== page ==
Grenfell: IOSH criticises lack of government action one year later
The Institution of Occupational Safety and Health (IOSH) has called on the Government to take action to improve fire safety, one year on from the Grenfell Tower tragedy.
The President of IOSH Craig Foyle has warned so far there has been “little sign sensible changes are happening fast enough”.
A year ago, IOSH joined with other professional bodies to call for “urgent action” in a letter to the Prime Minister signed by over 1,000 safety and health professionals.
The letter urged “all politicians to re-emphasise the need for effective health and safety regulation and competent fire risk management” and called on the Government to “to accelerate and confirm the timeframe for completing its review of Part B of The Building Regulations 2010 and to include a focus on improved safety in the forthcoming Parliament”.
But now, Mr Foyle said he wants to know what steps the Government has taken to answer those calls for action, one year on from the fire that claimed the lives of 72 residents of the tower block.
“It is vital that steps are taken to ensure that residents, members of the public and our emergency services are never exposed to this level of preventable risk again,” he said.
“During the past year, IOSH has provided responses to establishing the public inquiry terms of reference, addressing one of the early public meetings chaired by Sir Martin Moore-Bick.
“We also responded to Dame Judith Hackitt’s independent review of building regulations and fire safety, recommending clearer relevant regulation, guidance and enforcement and improved fire-safety competence for all involved, as well as clear roles and responsibilities for competent organisations and individuals,” added Mr Foyle.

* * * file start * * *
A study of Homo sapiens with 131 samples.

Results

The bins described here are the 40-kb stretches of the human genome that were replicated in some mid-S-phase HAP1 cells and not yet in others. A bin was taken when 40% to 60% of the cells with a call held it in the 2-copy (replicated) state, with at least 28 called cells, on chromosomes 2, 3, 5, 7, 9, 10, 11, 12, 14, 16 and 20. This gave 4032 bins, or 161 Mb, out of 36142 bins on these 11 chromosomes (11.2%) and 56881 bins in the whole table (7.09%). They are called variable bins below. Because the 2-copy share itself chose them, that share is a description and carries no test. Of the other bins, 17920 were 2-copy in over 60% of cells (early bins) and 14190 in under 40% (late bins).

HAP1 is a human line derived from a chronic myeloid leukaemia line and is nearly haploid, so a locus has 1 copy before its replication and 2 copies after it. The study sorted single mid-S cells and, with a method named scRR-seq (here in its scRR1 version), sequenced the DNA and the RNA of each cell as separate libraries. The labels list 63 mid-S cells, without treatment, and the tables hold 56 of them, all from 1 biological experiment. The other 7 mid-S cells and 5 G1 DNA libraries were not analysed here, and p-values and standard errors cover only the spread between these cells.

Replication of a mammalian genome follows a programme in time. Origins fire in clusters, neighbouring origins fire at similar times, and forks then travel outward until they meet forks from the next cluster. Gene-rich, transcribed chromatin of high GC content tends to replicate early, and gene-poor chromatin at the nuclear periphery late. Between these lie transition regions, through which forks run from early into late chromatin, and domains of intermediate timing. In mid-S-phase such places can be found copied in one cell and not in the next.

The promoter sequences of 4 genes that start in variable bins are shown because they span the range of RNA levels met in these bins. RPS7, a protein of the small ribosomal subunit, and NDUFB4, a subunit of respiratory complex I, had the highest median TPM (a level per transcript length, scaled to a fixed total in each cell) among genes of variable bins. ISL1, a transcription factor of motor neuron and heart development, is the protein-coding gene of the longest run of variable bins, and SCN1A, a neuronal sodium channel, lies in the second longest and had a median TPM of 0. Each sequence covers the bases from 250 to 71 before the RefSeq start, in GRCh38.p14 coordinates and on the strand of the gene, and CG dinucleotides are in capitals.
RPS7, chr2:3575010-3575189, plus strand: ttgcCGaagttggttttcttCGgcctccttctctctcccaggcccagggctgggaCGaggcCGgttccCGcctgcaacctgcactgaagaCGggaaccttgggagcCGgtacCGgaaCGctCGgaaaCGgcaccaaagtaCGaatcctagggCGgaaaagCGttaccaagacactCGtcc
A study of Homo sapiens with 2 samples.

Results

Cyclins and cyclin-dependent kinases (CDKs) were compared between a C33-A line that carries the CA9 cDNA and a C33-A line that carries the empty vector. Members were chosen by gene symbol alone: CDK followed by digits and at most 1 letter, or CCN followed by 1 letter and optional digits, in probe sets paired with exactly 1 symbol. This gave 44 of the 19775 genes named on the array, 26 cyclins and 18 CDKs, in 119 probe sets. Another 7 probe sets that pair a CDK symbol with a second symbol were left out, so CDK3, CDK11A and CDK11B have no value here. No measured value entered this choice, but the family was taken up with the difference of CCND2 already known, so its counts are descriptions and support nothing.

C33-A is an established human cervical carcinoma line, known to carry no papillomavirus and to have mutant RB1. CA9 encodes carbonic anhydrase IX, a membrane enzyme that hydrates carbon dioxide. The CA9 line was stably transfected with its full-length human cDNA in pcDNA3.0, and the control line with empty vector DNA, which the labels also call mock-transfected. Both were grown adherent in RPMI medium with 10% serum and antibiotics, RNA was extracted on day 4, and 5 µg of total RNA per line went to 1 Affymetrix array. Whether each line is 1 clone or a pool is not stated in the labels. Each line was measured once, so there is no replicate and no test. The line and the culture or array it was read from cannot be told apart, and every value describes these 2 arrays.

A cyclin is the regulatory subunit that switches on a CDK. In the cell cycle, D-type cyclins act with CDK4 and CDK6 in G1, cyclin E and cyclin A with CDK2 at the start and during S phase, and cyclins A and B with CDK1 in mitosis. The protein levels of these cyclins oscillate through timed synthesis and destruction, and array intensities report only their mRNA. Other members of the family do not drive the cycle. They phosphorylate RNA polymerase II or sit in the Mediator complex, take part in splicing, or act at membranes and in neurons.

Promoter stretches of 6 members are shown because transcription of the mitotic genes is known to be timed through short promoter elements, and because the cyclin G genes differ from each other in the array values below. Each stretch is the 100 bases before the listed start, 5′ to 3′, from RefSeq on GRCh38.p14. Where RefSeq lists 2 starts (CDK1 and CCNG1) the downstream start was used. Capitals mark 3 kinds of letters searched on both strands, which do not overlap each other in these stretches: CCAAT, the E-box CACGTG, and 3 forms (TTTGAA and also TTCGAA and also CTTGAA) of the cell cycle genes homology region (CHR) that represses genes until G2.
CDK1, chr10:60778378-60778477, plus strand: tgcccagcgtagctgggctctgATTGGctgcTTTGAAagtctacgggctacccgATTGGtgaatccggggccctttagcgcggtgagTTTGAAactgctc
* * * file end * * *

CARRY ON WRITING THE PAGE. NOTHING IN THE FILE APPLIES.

“Part of this is having the right people making the right decisions – well-trained, competent personnel. Fire safety is a complex issue, so systems should be clear, simple to understand and proportionate.
“We were pleased to see Dame Judith Hackitt’s review making recommendations aligned with ours.
“It is now up to the Government to act on these recommendations as we work to ensure we never have another tragic fire like Grenfell Tower. We urge the Government to develop an implementation plan as soon as possible. This must be made publicly available and regular updates should be provided,” added Mr Foyle.
SHP has looked at the events following the Grenfell fire and scrutiny of fire safety and response regulations in a one-year-on feature, which you can read here.